Irish Examiner View: The power of a quiet revolution

Mental illness and empathy survey shows how attitudes have changed in a revolutionary way
Irish Examiner View: The power of a quiet revolution

Survey found nearly half of adults (41%) have been treated for a mental health difficulty.

This might not be the moment, just as Taliban leader Amir Khan Muttaqi is said to be in talks with the remnants of Kabul’s leadership, to suggest to the unfortunate, frightened, isolated citizens of Afghanistan that revolution can come quietly. 

It may not be the moment, either, to suggest that quiet revolutions have a habit of consolidating the change they bring in the most profound, seemingly permanent ways.

If the people of Afghanistan are caught in the opening act of a revolution — if a power shift preceded by a 20-year war can be described as such — the Archbishop of Dublin, Dermot Farrell, has acknowledged that the relationship between the Catholic Church and this society has changed in a way that can only be described as revolutionary. He has suggested that evidence of Christian belief in Ireland today “has, for all intents and purposes, vanished”. 

It is hard to argue with his analysis, even if the scale of that change was unimaginable when the Taliban became a force to be reckoned with just 20 years ago. There have been many other changes in those decades, some legislative, some cultural. One cultural advance that can be universally welcomed is the change in attitudes to mental health and to those who suffer mental health issues. That shift may not be, yet, reflected in the funding of various support programmes, but the shift has been as profound as it is welcome — and that vital funding must come.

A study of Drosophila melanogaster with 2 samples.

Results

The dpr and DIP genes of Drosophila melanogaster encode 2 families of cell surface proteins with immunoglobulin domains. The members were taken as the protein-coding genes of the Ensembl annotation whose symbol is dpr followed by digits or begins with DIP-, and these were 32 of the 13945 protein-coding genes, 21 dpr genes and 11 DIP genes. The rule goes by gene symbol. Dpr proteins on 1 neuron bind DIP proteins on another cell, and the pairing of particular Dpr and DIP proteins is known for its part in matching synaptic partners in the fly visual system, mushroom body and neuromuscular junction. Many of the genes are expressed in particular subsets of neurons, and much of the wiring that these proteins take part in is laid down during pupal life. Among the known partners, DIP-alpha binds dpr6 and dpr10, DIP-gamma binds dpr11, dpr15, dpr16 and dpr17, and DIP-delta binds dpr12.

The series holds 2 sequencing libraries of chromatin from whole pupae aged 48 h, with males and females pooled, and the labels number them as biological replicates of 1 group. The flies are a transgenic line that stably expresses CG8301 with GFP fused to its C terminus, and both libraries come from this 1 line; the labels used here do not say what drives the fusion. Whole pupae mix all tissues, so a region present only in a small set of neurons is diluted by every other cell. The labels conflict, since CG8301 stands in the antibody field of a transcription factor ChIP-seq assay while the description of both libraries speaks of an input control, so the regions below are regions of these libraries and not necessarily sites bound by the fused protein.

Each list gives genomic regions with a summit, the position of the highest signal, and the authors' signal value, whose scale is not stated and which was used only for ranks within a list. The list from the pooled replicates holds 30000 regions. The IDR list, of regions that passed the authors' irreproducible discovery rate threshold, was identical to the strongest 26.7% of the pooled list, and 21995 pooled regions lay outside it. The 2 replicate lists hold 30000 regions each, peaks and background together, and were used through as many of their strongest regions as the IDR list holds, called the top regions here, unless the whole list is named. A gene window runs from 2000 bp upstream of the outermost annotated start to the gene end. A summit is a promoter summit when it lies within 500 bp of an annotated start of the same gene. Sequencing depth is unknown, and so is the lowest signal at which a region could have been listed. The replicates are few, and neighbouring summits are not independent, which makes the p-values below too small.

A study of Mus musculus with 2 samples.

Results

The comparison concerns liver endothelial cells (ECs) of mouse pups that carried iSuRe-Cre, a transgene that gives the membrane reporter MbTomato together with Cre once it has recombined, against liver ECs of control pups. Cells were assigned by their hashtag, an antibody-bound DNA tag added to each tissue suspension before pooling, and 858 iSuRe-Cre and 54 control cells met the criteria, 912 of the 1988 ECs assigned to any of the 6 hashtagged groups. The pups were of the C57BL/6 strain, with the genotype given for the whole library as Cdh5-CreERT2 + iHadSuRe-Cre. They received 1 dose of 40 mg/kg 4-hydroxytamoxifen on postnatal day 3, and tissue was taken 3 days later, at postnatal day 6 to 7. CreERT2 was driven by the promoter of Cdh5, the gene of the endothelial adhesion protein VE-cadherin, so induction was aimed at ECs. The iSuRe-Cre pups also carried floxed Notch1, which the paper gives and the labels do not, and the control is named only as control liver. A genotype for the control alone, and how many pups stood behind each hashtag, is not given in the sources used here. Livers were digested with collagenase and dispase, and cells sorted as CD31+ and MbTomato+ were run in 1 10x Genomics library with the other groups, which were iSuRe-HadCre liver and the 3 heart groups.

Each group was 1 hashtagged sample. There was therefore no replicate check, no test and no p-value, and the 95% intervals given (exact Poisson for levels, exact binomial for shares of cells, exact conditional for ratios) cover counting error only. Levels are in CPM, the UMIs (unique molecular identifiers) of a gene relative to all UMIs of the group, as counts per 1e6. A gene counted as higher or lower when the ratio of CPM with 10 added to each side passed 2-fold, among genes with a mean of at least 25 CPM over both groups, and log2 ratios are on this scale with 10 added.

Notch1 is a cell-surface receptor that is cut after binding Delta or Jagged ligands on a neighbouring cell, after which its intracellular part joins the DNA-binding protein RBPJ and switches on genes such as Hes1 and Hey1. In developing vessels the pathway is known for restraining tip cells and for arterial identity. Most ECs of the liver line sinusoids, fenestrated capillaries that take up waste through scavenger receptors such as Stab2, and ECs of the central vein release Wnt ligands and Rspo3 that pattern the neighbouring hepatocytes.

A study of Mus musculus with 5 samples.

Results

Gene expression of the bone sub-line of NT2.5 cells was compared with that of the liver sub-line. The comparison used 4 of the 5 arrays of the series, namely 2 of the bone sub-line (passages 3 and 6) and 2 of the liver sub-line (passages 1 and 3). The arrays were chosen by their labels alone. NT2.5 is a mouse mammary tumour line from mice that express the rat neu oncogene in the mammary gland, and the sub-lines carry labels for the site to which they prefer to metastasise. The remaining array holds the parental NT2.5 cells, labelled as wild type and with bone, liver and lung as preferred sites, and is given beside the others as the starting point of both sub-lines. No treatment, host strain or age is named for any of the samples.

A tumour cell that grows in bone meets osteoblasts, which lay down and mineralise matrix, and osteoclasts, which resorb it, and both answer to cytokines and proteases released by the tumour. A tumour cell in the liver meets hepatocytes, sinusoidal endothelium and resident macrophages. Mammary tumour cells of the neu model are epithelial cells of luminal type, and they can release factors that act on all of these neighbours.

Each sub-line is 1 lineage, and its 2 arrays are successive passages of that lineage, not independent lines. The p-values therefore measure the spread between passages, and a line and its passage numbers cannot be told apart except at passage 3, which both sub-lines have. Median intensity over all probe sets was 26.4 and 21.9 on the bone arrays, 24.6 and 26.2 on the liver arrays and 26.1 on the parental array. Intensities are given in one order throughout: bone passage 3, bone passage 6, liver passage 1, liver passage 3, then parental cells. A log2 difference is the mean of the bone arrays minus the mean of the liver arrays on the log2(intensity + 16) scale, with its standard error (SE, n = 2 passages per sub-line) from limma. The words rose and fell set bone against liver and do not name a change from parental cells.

The St Patrick’s Mental Health Services’ annual Attitudes to Mental Health and Stigma Survey was published yesterday. It outlined many challenges, but also showed how attitudes have changed in a revolutionary way. It found that nearly half of adults (41%) have been treated for a mental health difficulty. This represents a pandemic-driven increase of 6% from last year and 16% since 2019. Though those increases cannot be ignored, they signal, in the context of the taboo attitudes of 20 years or more ago, huge change.

It is not so long since a mental illness was a defining episode. Many promising careers ended when a person had even a brief period of uncertainty or instability. People who acknowledged that they suffered from depression were, just occasionally, congratulated for having the courage to make public what was all too often judged a weakness rather than a curable illness. It would have been unimaginable that 40% of people, as those surveyed for the St Patrick’s report have done, would admit to a mental health vulnerability in those circumstances. Just as Charlotte Brontë’s Edward Rochester, in the 1847 novel Jane Eyre, locked his insane wife Bertha Mason away, this society did something similar and tried to hide mental illness in our darkest corners.

That the cruelty and tragedy — and often pointlessness — of that response are now recognised is progress that should be embraced and consolidated. That seems especially so in a society where mental illness can all too often speak through domestic violence, alcohol abuse, or murderous land disputes. At this dark moment in our world, the power and potential of that still-novel understanding should be embraced and the rejuvenating potential of that empathy maximised in a quiet, but revolutionary, way.